Robert MacNamara Was Not to Blame

I used to hate Robert Strange MacNamara. He was a mean, bullheaded bastard who didn’t understand that he was forcing my cohort to fight in a war that was stupid and wrong and had no useful purpose. But it was not entirely his fault.

The Vietnam War was the fault of screeching right wing maniacs who dominated American politics from 1920 on. A constant and irrational drumbeat of anticommunist rhetoric demanded an unbending and irrational foreign policy, which failed to recognize the rights of indigenous populations and supported… often with the aid of U.S. troops… military dictators and thugs around the world. No wonder that native groups were forced to seek aid from the Soviet Union, which at minimum offered the illusion of independence and concern for the working masses.

The global landscape is littered with evidence of a foreign policy designed to support corporations and suppress indigenous populations, the “communist” leanings of which threatened profits. Ferdinand Marcos, The Shah of Iran, Batista, Duvalier, and a host of thugs in South America, Central America, Asia and Africa have been considered our friends. Enemies have included champions of the people from Ghandi to Castro to Ho Chi Minh.

At the end of World War II, the Vietnamese nationals, led by Ho, had every reason to believe we would turn their homeland back to them. They had helped us defeat the Japanese, and we had talked a good anti-colonialist line. Then we handed them back to the French. Ho found friends elsewhere.

About the time the Vietnamese were handing the French their asses at Dien Bien Phu, the anti-commie screech reached its high point in the U.S. Spearheaded by Joe McCarthy, a drunk from Wisconsin who had faked his own war record to get elected, supported by a wealthy media magnate, Henry Luce, and broadly supported by the Southern bloc of the Democratic Party, the scream machine ruled Washington with a barely concealed iron fist, whipping the ignorant masses into a frenzy of anti-communist fear. We had “lost” China, the Iron Curtain was crashing down over Eastern Europe, and Hollywood was rife with traitors. If it had not been for the wide popularity of Dwight Eisenhower, we would have elected a certifiable right wing nut for president in 1952 (Senator Robert Taft). Many honest Americans were vilified and destroyed by witch hunts which only needed to label someone a “pinko” to ensure destruction of careers. Many politicians (Nixon prominent among them) built their resumes on commie baiting.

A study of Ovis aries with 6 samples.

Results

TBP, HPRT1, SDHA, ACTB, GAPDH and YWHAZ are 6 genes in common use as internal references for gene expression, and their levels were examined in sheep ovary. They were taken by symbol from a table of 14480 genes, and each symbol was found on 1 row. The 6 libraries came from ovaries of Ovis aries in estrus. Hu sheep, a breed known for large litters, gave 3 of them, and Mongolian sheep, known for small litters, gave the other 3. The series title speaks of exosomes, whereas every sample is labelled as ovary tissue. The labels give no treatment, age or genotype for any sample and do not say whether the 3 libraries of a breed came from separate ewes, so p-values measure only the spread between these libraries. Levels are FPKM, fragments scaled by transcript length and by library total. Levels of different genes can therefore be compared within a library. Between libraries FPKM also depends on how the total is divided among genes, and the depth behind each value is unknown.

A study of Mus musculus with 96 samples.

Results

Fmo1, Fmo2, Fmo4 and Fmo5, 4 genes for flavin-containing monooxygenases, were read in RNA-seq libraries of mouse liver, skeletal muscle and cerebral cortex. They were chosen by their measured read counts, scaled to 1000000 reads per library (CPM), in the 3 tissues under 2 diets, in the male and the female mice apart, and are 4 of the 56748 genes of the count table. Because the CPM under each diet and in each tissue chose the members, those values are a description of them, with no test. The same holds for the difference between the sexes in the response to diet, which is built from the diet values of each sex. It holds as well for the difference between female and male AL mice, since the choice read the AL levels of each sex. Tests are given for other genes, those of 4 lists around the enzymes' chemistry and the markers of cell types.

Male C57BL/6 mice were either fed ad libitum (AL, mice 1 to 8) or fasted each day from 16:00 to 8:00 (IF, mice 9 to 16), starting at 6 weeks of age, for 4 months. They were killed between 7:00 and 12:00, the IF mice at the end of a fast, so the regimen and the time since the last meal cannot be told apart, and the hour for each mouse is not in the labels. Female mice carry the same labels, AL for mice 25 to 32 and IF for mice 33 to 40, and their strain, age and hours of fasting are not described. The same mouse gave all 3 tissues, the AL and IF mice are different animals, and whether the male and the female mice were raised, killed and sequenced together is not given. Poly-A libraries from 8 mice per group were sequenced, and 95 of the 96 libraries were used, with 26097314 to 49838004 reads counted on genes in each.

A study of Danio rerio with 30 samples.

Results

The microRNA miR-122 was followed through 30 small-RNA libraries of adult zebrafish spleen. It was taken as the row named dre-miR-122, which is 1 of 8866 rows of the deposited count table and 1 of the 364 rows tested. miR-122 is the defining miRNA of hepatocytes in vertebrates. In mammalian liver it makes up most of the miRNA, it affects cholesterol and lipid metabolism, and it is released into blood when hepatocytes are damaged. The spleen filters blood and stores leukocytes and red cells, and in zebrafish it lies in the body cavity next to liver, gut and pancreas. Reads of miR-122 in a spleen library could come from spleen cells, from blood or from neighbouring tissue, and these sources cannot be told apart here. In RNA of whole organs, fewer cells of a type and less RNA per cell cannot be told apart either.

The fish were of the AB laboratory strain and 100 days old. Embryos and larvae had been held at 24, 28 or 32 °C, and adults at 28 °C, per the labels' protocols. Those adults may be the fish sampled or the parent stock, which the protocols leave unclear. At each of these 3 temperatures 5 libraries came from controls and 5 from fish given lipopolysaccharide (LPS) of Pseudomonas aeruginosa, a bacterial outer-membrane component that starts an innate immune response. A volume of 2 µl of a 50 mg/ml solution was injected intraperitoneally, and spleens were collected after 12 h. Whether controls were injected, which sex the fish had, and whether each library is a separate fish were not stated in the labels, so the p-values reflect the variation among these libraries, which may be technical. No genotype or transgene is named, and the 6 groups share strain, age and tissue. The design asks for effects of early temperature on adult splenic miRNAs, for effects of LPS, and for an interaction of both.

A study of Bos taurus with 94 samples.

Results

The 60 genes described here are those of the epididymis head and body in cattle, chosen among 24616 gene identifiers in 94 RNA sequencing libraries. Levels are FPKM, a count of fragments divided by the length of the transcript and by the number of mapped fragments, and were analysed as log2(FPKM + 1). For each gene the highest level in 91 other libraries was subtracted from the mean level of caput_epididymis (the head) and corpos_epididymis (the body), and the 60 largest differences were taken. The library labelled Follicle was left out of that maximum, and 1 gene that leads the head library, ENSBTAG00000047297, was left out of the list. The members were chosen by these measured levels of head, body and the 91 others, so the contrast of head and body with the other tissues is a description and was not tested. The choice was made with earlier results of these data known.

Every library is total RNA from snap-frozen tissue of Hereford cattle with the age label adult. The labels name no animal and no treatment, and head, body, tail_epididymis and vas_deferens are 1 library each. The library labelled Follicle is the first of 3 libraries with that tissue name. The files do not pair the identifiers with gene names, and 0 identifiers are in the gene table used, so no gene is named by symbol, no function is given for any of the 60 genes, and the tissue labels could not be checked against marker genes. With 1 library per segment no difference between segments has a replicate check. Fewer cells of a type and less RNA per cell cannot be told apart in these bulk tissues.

We could not lose another nation to the Red Menace. Eisenhower went into Vietnam cautiously, offering technical advisors to keep the right wing happy. Kennedy went in actually thinking he could win it with counterinsurgency tactics being developed by a new outfit called the Green Berets. Johnson knew withdrawal would give the screamers a new cause, and open the presidency to Nixon. He felt he had no choice but to win it, and so, with McNamara’s assistance and blessing, escalated the war.

It is said that in the movie Fog of War, MacNamara accepted the blame. I actually thought he deflected most of it to Johnson, who of course deserves his share. The real blame, however, goes to the mindless, power hungry maniacs who ran the scream machine. To their preference for rhetoric over facts and inability to see value in a global hegemony built on trust, trade and communication, not fear and loathing. And in that lies a lesson for today. The right wing has not changed. It is still interested only in power, it has no use for facts, and will use any drunken pill popping loudmouth or ditzi hockey mom, any lie or distortion of the historical record, to achieve its ends.

I cannot completely let MacNamara off the hook. I have always said that if Colin Powell was a true leader and patriot, he would have resigned Secretary of State rather than deliver the nation, and United Nations, an address that he knew to be full of lies and half truths. The same failure of leadership can be ascribed to MacNamara, who did resign in 1968 (and got the Medal of Freedom, sound familiar?), but never spoke out against the war until long after it was over and thousands more young Americans (and many more Vietnamese) died.